November 11, 2009 01:08AMT

Two human right groups staged a peaceful protest rally yesterday in remembrance of Ken Saro-Wiwa and eight other Ogoni people who were killed on November 10, 1995. The members of the Ogoni Solidarity Forum and the United Action for Democracy protested in front of the Shell headquarters in Marina, Lagos.

The groups accused Shell of degrading the Niger Delta environment, and conniving with the military government of the late Sani Abacha to kill thousands of Ogoni people.

The protest started with a walk of several kilometres from the Nigeria Labour Congress Secretariat, Yaba, to the venue of the rally in Lagos Island. Over 100 protesters, mostly human right activists, chanted as they walked the distance carrying placards with inscriptions like: “Shell is liable for crime against humanity in Ogoniland”, “Shell must account for 35 years of oil theft” and “Shell leave Ogoni oil underground”.

The National Coordinator of the Ogoni Solidarity Forum, Celestine Akpobari, and other speakers at the rally spoke with the aid of a megaphone to an audience comprising over 30 police officers and scores of Shell staff who were watching from the other side of the gate.

Case against Shell

“We are here to announce to Shell that Ken Saro-Wiwa and the eight Ogonis that they murdered 14 years ago are still alive. We are saying that Shell should pay for over 3000 Ogoni people who were murdered by soldiers paid by Shell,” Mr. Akpobari said.

“As far as we are concerned Shell has murdered sleep, so they cannot sleep. We have not started. Shell will leave Nigeria. We are asking them to take responsibility for the killing of Ken Saro-Wiwa and others. We will give them time to do something, if they don’t, we know what to do. We have an agenda and we are following it”.

On the $15.5 million compensation paid by Shell to the Saro-Wiwa family and the families of the other eight, Mr. Akpobari said the money is not even enough for the families not to talk of the other 3000 who lost their lives in the Ogoni genocide of 1993 to 1995.

According to Taiwo Otitolaye, the Convener of the United Action for Democracy, one of their demands is that Shell should pay for the degradation of the Niger Delta environment.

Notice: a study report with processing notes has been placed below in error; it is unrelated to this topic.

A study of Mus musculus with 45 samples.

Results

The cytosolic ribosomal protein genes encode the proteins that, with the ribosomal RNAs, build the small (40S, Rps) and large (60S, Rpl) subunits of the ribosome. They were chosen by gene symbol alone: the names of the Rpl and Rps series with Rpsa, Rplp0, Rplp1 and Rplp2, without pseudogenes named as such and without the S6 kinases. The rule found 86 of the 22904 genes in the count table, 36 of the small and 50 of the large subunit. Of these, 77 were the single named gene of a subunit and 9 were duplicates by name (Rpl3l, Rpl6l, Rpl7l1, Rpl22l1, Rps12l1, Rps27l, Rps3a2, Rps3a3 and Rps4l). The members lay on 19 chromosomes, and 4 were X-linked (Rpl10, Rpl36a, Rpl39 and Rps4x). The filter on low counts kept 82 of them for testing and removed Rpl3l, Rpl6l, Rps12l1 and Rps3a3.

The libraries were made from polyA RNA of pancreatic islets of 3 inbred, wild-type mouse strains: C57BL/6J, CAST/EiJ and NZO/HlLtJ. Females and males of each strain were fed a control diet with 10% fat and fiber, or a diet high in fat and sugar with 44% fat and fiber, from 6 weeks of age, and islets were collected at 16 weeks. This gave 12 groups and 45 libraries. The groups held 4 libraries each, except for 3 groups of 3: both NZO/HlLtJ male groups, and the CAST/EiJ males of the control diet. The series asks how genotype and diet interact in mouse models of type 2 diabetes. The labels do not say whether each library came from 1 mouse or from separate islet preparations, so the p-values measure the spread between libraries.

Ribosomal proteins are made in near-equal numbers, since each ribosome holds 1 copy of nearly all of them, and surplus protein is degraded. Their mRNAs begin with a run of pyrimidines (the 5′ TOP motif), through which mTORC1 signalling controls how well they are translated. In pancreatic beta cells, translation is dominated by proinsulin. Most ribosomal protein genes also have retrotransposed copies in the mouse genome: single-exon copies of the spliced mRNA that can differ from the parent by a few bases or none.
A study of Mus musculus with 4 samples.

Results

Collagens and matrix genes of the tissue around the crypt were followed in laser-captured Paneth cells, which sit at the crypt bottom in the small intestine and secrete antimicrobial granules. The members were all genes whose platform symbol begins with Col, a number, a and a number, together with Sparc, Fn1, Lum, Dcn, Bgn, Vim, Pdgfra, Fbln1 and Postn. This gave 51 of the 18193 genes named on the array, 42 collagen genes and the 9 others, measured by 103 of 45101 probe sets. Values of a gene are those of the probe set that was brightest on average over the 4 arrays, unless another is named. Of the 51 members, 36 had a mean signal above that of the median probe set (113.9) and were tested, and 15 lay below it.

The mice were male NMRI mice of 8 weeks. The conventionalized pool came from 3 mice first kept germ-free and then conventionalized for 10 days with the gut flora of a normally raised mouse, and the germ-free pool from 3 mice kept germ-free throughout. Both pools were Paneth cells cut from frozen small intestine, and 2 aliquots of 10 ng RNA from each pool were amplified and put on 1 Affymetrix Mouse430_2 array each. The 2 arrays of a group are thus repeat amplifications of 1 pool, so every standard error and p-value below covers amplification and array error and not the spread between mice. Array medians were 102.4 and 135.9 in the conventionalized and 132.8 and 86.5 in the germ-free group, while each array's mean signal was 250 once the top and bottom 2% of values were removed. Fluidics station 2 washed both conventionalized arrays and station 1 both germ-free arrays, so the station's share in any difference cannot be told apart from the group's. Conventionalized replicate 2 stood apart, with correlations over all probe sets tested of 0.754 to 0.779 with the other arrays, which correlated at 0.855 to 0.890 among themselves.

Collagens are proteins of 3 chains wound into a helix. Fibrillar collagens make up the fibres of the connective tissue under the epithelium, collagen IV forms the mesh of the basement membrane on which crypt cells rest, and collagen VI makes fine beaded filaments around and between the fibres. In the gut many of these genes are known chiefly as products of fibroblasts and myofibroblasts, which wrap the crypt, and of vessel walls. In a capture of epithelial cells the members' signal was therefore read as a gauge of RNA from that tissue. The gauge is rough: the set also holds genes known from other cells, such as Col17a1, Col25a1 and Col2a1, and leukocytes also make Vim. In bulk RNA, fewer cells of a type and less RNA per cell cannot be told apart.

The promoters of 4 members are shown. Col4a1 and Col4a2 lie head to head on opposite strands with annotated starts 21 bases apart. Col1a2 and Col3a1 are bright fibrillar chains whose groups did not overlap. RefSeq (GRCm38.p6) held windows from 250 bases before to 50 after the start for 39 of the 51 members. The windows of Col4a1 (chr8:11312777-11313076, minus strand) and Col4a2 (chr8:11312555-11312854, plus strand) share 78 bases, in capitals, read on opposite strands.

“We also demand for an environmental audit of the Niger Delta and other parts of Nigeria where mining activities have resulted in environmental degradation,” Mr. Otitolaye said.

Debo Adeniran, the Chairman of the People Action for Democracy, who spoke on an emotional note, said the amnesty programme of the Federal Government is a fraud and a tactics of distraction from the issues. He said until the infrastructural decay and environmental degradation of Niger Delta is solved, the region will not have lasting peace.

“We are calling on all Nigerians to stand up and fight this cause because today it is Niger Delta, tomorrow it could be South West or South East or the North,” Mr. Adeniran said.

“We are also asking the Federal Government to quash the judgment against Ken Saro-Wiwa and others so that we can bury him in peace with all the honour he deserves.”

The groups’ demand

The demands which were read out by Mr. Akpobari include: the implementation of the Ogoni Bill of Rights, that the Nigerian government should accept responsibility for the atrocities committed in Ogoni land and apologise for same. Shell must be made to pay for 35 years of oil theft in Ogoni land and take responsibility to clean up the polluted environment; all those who took part in the genocide against unarmed Ogonis be brought to book, and if dead, their bones be exhumed to face trial and; the Nigerian government must leave Ogoni oil under the ground.

Mr. Akpobari said a document containing these demands was submitted to the officials of Shell Petroleum Development Company (SPDC) but when contacted in a phone call, the spokesperson of the oil company, Precious Okolobo, said the protesters did not make any official demands to them.

“They did not speak to us,” he said.